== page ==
2018 Australian of the Year Professor Michelle Simmons elected as Royal Society Fellow
2018 Australian of the Year, Professor Michelle Simmons FRS, has been elected as a Fellow of the Royal Society (London), the world’s oldest independent scientific academy. Founded in the 17th Century, the Society’s Alumni includes Isaac Newton and Stephen Hawking.
From some 700 worthy nominees across the Commonwealth this year, Professor Simmons’ election recognises both her achievements in her field of quantum computing and atomic electronics, and her vision and leadership, which have engendered a radical new technology for fabricating electronic devices with atomic-precision accuracy.
“I am honoured to be elected a Fellow of the Royal Society, and delighted that the contributions of five of my Australian peers, Professors Frank Caruso, Graeme Jameson, Ingrid Scheffer, Peter Visscher and Jillian Banfield, have similarly been acknowledged.”
“This honour is further recognition of the great work that we are doing right here in Australia,” Professor Simmons said.
By manipulating matter at the atomic scale, she led the team that created the world’s smallest precision transistor, the narrowest conducting wires in silicon and the first transistor where a single atom controls its operation.
Her ground-breaking achievements have opened a new frontier of research in computing and electronics globally, providing a platform for redesigning conventional transistors and for developing a quantum computer: a new form of computing with the potential to transform information processing.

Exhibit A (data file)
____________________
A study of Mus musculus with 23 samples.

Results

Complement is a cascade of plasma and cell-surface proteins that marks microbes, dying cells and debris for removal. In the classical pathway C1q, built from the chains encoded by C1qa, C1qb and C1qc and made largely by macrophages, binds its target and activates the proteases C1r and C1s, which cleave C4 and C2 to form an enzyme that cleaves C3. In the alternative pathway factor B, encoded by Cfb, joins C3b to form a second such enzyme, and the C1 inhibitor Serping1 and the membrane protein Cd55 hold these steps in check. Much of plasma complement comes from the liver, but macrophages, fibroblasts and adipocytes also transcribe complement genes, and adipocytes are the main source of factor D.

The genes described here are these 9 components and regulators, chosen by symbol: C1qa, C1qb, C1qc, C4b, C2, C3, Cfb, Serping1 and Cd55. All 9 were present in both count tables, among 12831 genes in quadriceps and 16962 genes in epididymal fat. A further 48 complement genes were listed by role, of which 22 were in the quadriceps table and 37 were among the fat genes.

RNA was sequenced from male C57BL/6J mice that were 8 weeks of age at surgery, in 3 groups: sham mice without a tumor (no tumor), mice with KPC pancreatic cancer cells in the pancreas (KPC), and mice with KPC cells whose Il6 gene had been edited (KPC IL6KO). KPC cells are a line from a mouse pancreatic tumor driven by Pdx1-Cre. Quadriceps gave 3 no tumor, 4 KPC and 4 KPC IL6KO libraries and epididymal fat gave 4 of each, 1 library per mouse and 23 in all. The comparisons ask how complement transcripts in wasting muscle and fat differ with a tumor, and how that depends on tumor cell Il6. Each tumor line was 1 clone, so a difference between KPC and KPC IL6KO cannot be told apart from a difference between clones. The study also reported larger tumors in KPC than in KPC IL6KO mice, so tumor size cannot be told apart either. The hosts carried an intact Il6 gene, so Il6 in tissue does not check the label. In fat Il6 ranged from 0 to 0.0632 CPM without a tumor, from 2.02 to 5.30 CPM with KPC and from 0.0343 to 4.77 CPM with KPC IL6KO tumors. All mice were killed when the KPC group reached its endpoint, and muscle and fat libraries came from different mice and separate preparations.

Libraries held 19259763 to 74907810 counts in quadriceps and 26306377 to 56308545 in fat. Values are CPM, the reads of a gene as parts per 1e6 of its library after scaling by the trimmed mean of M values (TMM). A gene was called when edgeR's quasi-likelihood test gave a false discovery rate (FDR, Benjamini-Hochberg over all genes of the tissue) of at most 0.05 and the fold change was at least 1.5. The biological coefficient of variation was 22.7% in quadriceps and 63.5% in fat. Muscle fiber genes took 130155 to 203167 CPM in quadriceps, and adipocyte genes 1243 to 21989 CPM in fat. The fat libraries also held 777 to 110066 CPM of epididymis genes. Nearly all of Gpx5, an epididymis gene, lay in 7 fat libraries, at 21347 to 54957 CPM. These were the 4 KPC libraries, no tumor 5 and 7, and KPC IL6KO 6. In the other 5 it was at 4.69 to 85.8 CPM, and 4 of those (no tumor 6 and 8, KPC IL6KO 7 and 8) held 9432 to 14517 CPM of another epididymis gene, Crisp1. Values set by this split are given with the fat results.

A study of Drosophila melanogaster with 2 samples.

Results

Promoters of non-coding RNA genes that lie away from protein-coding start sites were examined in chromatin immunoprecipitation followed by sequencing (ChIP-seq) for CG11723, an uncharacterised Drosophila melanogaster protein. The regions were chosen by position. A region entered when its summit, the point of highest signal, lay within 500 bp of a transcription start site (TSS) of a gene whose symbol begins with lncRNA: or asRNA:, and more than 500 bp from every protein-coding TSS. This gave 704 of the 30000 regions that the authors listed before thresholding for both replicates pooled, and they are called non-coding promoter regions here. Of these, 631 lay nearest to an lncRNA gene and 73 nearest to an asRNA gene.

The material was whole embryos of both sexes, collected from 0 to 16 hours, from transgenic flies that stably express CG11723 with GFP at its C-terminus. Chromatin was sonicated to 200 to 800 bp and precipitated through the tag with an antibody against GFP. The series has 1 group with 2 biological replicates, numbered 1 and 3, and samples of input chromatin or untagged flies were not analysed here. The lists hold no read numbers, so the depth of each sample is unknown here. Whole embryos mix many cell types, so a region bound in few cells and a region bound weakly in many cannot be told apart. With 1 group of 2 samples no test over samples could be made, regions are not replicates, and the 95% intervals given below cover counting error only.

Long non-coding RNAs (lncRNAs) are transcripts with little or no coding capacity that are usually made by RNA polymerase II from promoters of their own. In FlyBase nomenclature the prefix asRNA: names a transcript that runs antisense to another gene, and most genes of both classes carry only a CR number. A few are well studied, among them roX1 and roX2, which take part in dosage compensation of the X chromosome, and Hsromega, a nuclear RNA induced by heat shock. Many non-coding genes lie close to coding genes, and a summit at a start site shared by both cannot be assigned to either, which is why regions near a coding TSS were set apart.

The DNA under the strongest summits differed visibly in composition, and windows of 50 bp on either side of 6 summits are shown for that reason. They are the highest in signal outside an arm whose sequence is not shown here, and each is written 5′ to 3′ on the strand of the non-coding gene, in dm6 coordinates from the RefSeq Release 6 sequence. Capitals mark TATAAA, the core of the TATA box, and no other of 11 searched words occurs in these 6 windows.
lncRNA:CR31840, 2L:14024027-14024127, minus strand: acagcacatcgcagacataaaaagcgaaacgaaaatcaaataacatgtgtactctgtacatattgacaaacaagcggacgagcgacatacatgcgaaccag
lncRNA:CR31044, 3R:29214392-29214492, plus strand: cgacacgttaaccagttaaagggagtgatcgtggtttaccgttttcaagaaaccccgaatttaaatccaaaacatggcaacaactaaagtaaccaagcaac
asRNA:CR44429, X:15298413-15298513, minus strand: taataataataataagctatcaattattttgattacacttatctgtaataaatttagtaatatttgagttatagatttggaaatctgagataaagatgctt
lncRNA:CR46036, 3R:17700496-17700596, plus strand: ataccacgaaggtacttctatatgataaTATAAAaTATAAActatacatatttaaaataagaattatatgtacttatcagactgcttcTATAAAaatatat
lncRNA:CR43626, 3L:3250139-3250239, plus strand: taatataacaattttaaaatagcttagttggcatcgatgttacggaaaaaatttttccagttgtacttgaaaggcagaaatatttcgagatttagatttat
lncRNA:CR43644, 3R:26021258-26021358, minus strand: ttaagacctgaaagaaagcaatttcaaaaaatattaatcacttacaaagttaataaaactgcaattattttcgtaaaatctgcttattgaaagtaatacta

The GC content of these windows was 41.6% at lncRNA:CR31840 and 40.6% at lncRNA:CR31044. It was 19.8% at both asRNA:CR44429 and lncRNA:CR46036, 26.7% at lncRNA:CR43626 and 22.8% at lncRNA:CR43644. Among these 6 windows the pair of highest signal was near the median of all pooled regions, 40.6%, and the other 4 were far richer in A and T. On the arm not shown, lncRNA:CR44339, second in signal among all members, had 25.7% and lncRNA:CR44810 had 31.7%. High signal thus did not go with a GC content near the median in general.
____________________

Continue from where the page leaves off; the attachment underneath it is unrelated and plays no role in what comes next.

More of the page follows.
2018 has been a landmark year for Professor Simmons, commencing with the announcement of her selection as 2018 Australian of the Year in January.
Professor Simmons will be formally admitted to the Society at an official ceremony to take place in London in July.
Nominations for the 2019 Australian of the Year are now open at www.australianoftheyear.org.au/nominate/
Venki Ramakrishnan, President of the Royal Society:
“Our Fellows are key to the Royal Society’s fundamental purpose of using science for the benefit of humanity. From Norwich to Melbourne to Ethiopia, this year’s newly elected Fellows and Foreign Members of the Royal Society are testament that science is a global endeavour and excellent ideas transcend borders. We also recognise the cutting-edge innovation taking place across industry, with many of this year’s Fellows coming from the thriving tech industry. For their outstanding contributions to research and innovation, both now and in the future, it gives me great pleasure to welcome the world’s best scientists into the ranks of the Royal Society.”